L’Oréal produces first plastic bottle made from carbon emissions
French beauty group L’Oréal, together with its partners LanzaTech and Total, have premiered the world’s first sustainable packaging made from captured and recycled carbon emissions.
The successful conversion process takes place in three steps. First, carbon recycling company LanzaTech captures industrial carbon emissions and converts them into ethanol using a unique biological process.
Second, energy company Total, thanks to an innovative dehydration process jointly developed with IFP Axens, converts the ethanol into ethylene before polymerizing it into polyethylene that has the same technical characteristics as its fossil counterpart.
Third, L’Oréal uses this polyethylene to produce packaging with the same quality and properties as conventional polyethylene.
This technological and industrial success proves that industrial carbon emissions can be used to produce plastic packaging, the companies said.
A world-first innovation
“This world first demonstrates the commitment of the three partners to the development of a sustainable circular economy for plastics and paves the way for new opportunities for the capture and re-use of industrial carbon emissions,” they added.
The partners intend to continue working together on scaling up the production and are planning to work with other companies who want to use these new sustainable plastics.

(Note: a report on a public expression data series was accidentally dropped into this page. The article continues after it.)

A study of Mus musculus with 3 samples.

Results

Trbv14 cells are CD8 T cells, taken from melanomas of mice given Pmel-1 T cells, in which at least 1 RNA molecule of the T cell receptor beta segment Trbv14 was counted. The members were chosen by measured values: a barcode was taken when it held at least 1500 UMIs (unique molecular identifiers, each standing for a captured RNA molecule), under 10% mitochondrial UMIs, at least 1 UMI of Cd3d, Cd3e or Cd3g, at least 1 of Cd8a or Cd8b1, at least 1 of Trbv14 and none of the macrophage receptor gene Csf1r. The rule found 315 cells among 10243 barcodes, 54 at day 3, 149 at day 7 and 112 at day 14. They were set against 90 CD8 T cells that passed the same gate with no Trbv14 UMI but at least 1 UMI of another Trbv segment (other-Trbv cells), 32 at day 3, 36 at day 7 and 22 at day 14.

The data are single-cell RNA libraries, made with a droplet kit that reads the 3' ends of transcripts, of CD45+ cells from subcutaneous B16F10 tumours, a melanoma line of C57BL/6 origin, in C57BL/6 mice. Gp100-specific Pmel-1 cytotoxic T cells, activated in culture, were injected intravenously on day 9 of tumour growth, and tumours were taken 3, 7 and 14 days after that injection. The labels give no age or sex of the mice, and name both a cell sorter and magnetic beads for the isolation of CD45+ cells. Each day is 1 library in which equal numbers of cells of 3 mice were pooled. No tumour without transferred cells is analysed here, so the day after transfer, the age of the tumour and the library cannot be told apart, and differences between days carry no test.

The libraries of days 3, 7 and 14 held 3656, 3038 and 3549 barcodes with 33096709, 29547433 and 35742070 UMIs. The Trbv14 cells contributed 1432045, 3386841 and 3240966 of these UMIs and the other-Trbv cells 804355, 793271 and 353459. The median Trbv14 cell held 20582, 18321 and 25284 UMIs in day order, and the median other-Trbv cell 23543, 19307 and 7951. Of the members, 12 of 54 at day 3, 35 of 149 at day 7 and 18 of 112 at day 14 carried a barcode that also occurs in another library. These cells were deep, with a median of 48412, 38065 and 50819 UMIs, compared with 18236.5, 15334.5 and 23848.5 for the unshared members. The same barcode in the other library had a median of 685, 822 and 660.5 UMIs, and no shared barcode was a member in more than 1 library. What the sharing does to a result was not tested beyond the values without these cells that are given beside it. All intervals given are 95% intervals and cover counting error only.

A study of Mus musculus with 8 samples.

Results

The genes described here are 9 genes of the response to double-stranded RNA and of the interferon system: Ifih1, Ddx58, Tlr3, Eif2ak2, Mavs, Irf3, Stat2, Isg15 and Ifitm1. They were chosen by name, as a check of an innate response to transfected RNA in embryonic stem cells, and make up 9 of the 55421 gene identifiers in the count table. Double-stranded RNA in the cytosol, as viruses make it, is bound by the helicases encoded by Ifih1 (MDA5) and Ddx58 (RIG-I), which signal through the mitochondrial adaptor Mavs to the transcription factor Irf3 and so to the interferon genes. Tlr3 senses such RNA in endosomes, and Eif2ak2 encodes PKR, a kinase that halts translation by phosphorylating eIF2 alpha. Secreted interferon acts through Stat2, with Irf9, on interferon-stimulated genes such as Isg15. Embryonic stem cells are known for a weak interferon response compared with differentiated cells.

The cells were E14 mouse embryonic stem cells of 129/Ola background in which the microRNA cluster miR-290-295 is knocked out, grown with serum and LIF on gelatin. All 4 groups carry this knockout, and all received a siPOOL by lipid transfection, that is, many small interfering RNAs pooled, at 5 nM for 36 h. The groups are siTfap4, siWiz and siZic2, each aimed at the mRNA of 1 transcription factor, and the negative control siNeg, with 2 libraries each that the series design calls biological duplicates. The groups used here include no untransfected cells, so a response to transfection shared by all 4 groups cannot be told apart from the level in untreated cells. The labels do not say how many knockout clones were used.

LanzaTech CEO Jennifer Holmgren said: “This partnership is based on a shared goal of creating a cleaner planet for everyone. We are grateful to both L’Oréal and Total for their commitment to reducing the carbon intensity of their activities. Together, we can reduce the carbon footprint of packaging by converting carbon emissions into useful products, making single-use carbon a thing of the past.”
Senior Vice President Polymers at Total, Valérie Goff, added: "This partnership is an excellent example of collaboration between industrial firms in developing the plastics of the future produced from recycled carbon and meets a strong demand from our customers. The development of this new pathway of valuing industrial carbon emissions also contributes to the Group's commitment to get to net zero in Europe by 2050.”
Jacques Playe, L’Oréal Packaging & Development Director, said that “L’Oréal is constantly improving the environmental footprint of its packaging. With this innovation converting carbon emissions into polyethylene, we aim to develop a new sustainable packaging solution. We have the ambition to use this sustainable material in our bottle of shampoo and conditioner by 2024 and we hope other companies will join us in using this breakthrough innovation.”